Survey: Missed work, cost cause older workers to forgo elective surgeries

Dive Brief:

  • Missed work and out-of-pocket costs are two of the most commonly cited concerns for older U.S. adults considering elective surgery, according to the results of a University of Michigan study published in JAMA Network Open Jan. 30.
  • The study of more than 2,000 adults ages 50 to 80 who considered having elective surgery in the past five years found that one-fifth were concerned about out-of-pocket costs. One-fifth were also concerned about the time needed to take off work to receive a procedure. Those with such concerns were less likely to undergo surgery, researchers found.
  • Researchers noted that the share of U.S. adults ages 60 and above who are employed doubled between 2000 and 2020, according to U.S. Census Bureau data. “Future studies should seek to clarify the implications of surgery for employment status and job productivity, in addition to identifying workplace policies that facilitate or limit time off for recovery,” the researchers wrote.

Dive Insight:

As with other areas of healthcare, cost is central to elective procedures, and the share of out-of-pocket costs paid by employees enrolled in employer-sponsored health plans has grown in recent years.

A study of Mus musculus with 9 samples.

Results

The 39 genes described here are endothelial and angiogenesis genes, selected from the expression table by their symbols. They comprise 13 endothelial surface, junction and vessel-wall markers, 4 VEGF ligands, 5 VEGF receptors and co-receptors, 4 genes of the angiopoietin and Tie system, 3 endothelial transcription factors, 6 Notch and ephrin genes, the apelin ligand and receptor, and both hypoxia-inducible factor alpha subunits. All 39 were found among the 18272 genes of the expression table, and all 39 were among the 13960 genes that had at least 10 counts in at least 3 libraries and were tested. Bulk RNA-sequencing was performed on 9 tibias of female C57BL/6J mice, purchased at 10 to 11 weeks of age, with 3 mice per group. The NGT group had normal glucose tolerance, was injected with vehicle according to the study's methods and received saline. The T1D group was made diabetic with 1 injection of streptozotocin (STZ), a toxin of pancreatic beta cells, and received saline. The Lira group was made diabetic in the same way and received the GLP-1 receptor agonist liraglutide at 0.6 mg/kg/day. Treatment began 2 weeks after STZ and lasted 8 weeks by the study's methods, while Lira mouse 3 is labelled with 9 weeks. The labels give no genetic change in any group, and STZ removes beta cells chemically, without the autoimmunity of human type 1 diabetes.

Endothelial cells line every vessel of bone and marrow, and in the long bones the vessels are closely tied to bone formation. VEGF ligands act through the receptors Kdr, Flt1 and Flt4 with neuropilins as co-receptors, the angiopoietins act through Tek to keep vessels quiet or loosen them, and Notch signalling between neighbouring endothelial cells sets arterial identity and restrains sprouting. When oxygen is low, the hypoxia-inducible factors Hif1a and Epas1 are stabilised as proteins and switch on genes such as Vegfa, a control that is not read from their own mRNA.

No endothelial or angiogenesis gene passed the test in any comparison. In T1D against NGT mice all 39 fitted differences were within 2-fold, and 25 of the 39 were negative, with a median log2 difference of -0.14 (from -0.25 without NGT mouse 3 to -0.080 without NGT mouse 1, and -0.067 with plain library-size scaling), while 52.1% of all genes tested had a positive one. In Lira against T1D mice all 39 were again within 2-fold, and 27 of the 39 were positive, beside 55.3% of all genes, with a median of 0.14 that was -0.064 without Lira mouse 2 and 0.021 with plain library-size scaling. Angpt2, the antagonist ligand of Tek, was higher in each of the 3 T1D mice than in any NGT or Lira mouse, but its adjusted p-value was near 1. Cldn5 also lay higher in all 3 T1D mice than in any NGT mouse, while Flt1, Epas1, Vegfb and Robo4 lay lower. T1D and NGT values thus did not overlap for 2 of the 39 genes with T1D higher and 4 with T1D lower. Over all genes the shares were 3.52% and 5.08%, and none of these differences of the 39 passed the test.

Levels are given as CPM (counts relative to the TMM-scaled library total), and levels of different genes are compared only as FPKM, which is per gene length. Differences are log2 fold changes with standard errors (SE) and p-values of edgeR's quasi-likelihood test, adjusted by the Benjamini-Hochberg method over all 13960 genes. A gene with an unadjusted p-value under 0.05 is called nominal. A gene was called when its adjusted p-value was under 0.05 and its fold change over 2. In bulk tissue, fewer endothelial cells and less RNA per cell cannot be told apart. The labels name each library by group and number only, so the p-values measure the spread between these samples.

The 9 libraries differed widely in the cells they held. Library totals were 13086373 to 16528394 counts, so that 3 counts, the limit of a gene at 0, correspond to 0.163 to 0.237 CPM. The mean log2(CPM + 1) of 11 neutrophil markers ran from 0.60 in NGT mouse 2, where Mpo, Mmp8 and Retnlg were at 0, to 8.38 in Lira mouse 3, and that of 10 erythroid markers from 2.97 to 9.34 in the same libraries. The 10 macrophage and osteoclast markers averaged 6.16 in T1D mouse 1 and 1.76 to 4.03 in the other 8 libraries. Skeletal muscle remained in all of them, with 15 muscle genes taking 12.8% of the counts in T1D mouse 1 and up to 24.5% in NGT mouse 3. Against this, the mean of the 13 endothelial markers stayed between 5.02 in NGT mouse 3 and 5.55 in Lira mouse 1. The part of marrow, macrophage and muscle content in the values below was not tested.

In 2022, the Employee Benefits Research Institute found that employees paid 19% of out-of-pocket costs in 2019, up from 17.4% in 2013. Additionally, EBRI said that the adoption of high-deductible health plans drove the increased spending and that out-of-pocket spending for outpatient services grew faster than for inpatient services. Overall employer healthcare costs are expected to climb 5.4% this year, according to a 2023 Mercer survey.

Older workers are not the only group to skip out on care over cost concerns. Many employees covered under employer-sponsored plans are underinsured, the Commonwealth Fund found in 2022. Forty-four percent of underinsured adults surveyed by the organization did not visit a doctor or clinic despite having a medical problem, while 43% did not partake in a recommended test, treatment or follow-up.

And if all that wasn’t enough, employers have also dealt with the potential costs of preventative care deferred by employees during the initial phase of the pandemic. That trend had already given rise to concerns that employees may have missed out on early detection of chronic diseases such as cancer, executives for the Business Group on Health said in 2022.

That older workers may also defer certain types of care could become an emerging issue for employers in the benefits space. Consulting firm Bain & Co. published a 2023 report finding that workers ages 55 and above could account for more than 1 out of 4 workers in countries such as the U.S. and Canada by 2031. Aside from healthcare strategy, employers also may have to make cultural adjustments to crack down on age discrimination at work, which can go undetected.